Dobbins: Partnership with out-of-state university is nothing new

Sunday, November 21, 2010

Southeast Missouri State University president Dr. Ken Dobbins says there is nothing groundbreaking about the university's proposed partnership with Arkansas State University to establish a nursing program in Kennett, Mo.

In a statement issued Friday afternoon, the president reiterated that the agreement would not violate Missouri higher education policy, defending against charges by Dr. Devin Stephenson, president of Three Rivers Community College in Poplar Bluff, Mo.

"The Missouri Department of Higher Education has recently posted 12 requests to deliver degrees in Missouri from out-of-state Universities and is currently accepting comments on those requests," according to the Southeast statement. "It is our understanding that ASU plans to follow these current [Higher Education] procedures in its request to deliver Associate of Applied Science programs in Missouri after they receive program approval from the Missouri Board of Nursing."

In a letter to the community college's trustees and others last week, Stephenson wrote of the "egregious, unprofessional, backhanded behavior" of Dobbins. Stephenson said the proposed partnership is in direct violation of Coordinating Board of Higher Education policy and a "significant breach of trust with the taxpayers of Missouri, Three Rivers, and the entire community college sector in the state."

He said Southeast's agreement with Arkansas State University would waste time and resources and send Missouri tax dollars out of state.

Three Rivers offers the associate degree in nursing at the Poplar Bluff and Sikeston, Mo., campuses. Kennett is 43 miles from Poplar Bluff and 55 miles from Sikeston.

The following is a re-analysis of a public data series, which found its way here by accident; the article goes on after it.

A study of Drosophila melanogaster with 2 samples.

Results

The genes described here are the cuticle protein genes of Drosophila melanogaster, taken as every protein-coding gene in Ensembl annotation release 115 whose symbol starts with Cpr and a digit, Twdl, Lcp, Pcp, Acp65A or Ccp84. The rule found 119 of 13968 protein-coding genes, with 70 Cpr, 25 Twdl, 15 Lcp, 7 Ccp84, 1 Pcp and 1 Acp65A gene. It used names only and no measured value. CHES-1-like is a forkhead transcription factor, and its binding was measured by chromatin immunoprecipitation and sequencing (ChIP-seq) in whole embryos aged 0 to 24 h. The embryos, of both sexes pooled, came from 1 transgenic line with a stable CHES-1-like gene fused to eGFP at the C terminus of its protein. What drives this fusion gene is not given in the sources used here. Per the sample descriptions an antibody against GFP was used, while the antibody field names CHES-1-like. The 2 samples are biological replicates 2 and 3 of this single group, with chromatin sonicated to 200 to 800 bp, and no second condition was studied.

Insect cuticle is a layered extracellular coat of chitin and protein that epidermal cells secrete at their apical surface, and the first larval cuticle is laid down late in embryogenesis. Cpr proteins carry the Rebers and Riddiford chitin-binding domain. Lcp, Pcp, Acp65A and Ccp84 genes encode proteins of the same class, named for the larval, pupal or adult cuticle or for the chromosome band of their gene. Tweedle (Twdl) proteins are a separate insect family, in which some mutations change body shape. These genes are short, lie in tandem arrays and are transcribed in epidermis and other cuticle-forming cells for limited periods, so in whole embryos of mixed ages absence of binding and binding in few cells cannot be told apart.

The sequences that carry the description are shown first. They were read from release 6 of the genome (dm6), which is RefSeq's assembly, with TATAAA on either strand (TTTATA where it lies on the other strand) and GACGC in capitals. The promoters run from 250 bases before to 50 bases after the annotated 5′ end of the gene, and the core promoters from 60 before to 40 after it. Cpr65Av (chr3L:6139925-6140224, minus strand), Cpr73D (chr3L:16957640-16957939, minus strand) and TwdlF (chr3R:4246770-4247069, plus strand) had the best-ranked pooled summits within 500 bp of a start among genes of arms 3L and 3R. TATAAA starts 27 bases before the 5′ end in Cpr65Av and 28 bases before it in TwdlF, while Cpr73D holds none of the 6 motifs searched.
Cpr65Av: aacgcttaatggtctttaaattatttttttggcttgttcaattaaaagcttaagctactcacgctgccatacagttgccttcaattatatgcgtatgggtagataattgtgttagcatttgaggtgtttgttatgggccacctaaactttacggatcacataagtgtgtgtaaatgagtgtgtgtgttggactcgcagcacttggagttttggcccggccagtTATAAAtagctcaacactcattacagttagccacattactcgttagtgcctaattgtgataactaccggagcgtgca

"I am surprised and disappointed that Southeast would choose to seek a partnership with ASU for the offering of an associate degree in nursing in Kennett without at least having the common decency to contact Three Rivers," Stephenson wrote in a statement Thursday.

In his statement to the media Friday, Dobbins said Southeast and various interest groups in Kennett have requested partnering with Three Rivers on the nursing program at least three times over the past 10 years and that Three Rivers has always declined those requests.

"In recent correspondence and in [Three Rivers] statements and news releases, there is no indication that TRCC now desires to deliver the AAS in Nursing degree at our Kennett Regional campus," Dobbins wrote. "However, if TRCC has changed its past position, Southeast will be happy to discuss such options with the community college. Consequently, I hope to receive a telephone call from President Stephenson in the near future so he can clarify TRCC's thoughts on this issue."

Stephenson could not be reached for comment Friday.

Dobbins said as a result of Three River's refusals, the university partnered with Southeast Missouri Hospital College of Nursing and Health Sciences to bring the nursing program to Kennett.

"In fact, Southeast Missouri State received such strong support from the Missouri Foundation for Health and Kennett's Twin Rivers Regional Medical Center that they pledged funds and materials in 2006 to build a state-of-the-art science lab to be used for the" nursing program, Dobbins said in the statement. "At no time did TRCC object to this collaborative initiative."

Dobbins pointed to Missouri Department of Higher Education Public Policy 7.1, which says the state's postsecondary education system should be responsive to the needs of Missouri residents. Southeast has not violated the policy but has instead "embraced this policy and found alternative ways to provide the [nursing program] in the Kennett area," Dobbins wrote. He said there are unmet needs in health care in the Kennett area and that many Missouri students are now traveling out of state for health care education and not returning to Missouri to practice.

"The director of our Kennett Regional Campus estimates that at least 75 percent of the prospective AAS in Nursing degree students will be Missouri citizens," Dobbins said in the statement.